Hello my name is Diana and I am addicted to sugar. This is the story of how Chile reawakened my sugar dragon and what I’m going to do about it.

But before we get to the juicy part where I’m sprinting through the streets of Patagonia so I can shove highly processed, packaged cookies into my mouth ten at a time, I have to take you back to when I was a stubborn little 3-year old.

As a child I was raised as a pescatarian. That all ended when I was 3, however, right around the time I also demanded to dress myself. I became best friends with my beta fish and I’ve been a strict vegetarian ever since. I wouldn’t even let someone sit next to me if they were eating fish or meat. That of course has changed and I now have the utmost respect for people who eat meat and or fish, and honestly sometimes I wish I did too. It’s a personal choice I made when I was 3, and I’m probably not going to change anytime soon.

So now we fast-forward 22 years to me sitting in Futaleufu, Chile with my sugar monster rearing his ugly head. Meat is a huge part of Chilean culture, included in most, if not all meals. Being a vegetarian in Chile is TOUGH, and unfortunately I’m not one of those vegetarians who will pick around the meat or eat soup with a chicken broth base.

I was staying in a guide house with my boyfriend and a few of his coworkers. All our meals were prepared by a 4’11’’ Chilean woman with a whole bunch of sass. (If the boys aren’t awake in the morning, she smacks a metal spatula aggressively on the wall. All of the paint has consequently been chipped off. She means business). I am not one to bite the hand that feeds me, so when dinner wasn’t vegetarian I would slyly give my dinner to one of the boys and tell her gracias with a huge smile. She still doesn’t like me, but we’re working on it.

So basically I was hungry. There was pretty much always bread (sugar) in the house so that’s how I would fill my belly. When dinner offered nothing vegetarian, I would go to the tiny mercado and buy pasta and tomato sauce (sugar and more sugar). Milk chocolate and Cookies Klassica were the basic currency of the guide house. So I was eating sugar all day everyday, and all of a sudden I needed to eat sugar all day everyday.

I knew my sugar monster was going to need a serious timeout when I found myself on an adorable date with my boyfriend, but all I wanted to do was go home and eat cookies. Cue to me running in the streets to get back to cookies. This really happened (ok so maybe not the sprinting part. But the desire was there) and IT WAS NOT OK.



Sugar addiction is real, and I bet most of you reading this have probably experienced it at some point. Sugar is addictive for many reasons, one being we are hard wired to crave it. Sugar- glucose in particular – is the major fuel for our brain. Sugar also literally makes us happy. When we eat it, serotonin (the happy neurotransmitter) is released into our blood stream. So not only does your body physically crave glucose, but it also makes you happy when you eat it. This may be one reason you turn to sweet things as a comfort when you’re stressed or sad.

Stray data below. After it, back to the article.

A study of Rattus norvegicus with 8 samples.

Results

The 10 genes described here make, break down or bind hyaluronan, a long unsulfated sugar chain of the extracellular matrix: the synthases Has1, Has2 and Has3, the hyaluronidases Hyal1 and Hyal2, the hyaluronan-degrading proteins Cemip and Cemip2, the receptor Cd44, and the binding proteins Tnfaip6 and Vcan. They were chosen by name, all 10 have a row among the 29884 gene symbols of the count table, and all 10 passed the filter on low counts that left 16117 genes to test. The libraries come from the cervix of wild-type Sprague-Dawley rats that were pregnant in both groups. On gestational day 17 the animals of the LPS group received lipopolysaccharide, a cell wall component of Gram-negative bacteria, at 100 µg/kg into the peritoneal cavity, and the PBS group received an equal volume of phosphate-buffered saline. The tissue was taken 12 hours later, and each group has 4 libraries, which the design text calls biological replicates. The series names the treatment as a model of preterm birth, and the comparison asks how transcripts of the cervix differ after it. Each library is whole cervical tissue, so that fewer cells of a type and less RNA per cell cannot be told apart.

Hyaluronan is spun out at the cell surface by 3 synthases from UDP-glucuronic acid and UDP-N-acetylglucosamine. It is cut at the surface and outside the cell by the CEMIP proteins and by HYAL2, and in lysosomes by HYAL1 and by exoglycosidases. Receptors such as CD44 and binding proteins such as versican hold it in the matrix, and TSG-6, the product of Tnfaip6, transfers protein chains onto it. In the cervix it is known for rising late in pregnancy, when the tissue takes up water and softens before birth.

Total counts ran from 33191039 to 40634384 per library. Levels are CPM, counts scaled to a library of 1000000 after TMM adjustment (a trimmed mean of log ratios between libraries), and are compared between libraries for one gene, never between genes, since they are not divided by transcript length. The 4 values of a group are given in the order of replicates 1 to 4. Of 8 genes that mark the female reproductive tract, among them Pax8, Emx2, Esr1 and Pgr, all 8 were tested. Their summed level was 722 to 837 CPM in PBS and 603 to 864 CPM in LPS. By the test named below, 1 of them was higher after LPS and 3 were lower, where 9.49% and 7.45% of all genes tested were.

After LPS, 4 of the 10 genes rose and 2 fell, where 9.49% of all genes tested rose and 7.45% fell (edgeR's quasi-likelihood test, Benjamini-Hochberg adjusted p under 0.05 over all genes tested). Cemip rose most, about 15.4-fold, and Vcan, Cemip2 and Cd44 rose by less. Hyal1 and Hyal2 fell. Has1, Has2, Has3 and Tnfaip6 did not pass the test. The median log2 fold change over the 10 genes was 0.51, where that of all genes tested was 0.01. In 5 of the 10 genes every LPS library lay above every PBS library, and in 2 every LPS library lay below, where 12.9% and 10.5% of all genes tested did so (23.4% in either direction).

What my sugar detox is not:


A punishment. I am not cutting out sugar because I was “bad” in Chile. This is not a punishment for eating one too many cookies. Those cookies were delicious. I am doing this because I don’t feel good, and I don’t want to be planning my days around said cookies.


A crash diet. Do I intend to live my life like this forever? Of course not. But I am not doing this so I can lose 30 pounds. Again, it all comes down to how my body feels. And right now my body feels sluggish.


So I have been “off” sugar for the last 7 days and I feel amazing. I was planning on writing this blog the day I went off sugar, but you know. Life. Doing a sugar detox, however, is hard. I am not eating anything that contains sugar and unfortunately sugar is in everything, so a lot of salad dressings, soups, and sauces are out.

I find that when doing something like this it’s really easy to say, “Oh I’ll start Monday” or, “I’ll start on the 1st of the month.” I’ve gotten really good at these games and I know how it usually goes, so I didn’t wait for a Monday, or for February 1st, I just started. Melissa Hartwig, author of the Whole30, says, “It is not hard. Don’t you dare tell us this is hard. Quitting heroin is hard. Beating cancer is hard. Drinking your coffee black. Is. Not. Hard.” This is a quote I will be living by for the next 23 days. I mean lets be real for a second, quitting sugar is hard, but its doable. And it feels really good.


When I do eat sugar again, I will eat it mindfully. I will really focus on savoring each bite and enjoying every moment, rather than eating a bowl of ice cream while watching The OA (which is amazing by the way) and not even knowing what flavor I am eating. I am sure that one day my sugar monster will return and I will get to reevaluate my relationship with sugar once again. Eating healthy is a balancing game and no one is perfect.


If you’ve been feeling off lately and want to join me on my no sugar journey let me know in the comments below! If you’re looking for more individualized coaching when it comes to cravings click here.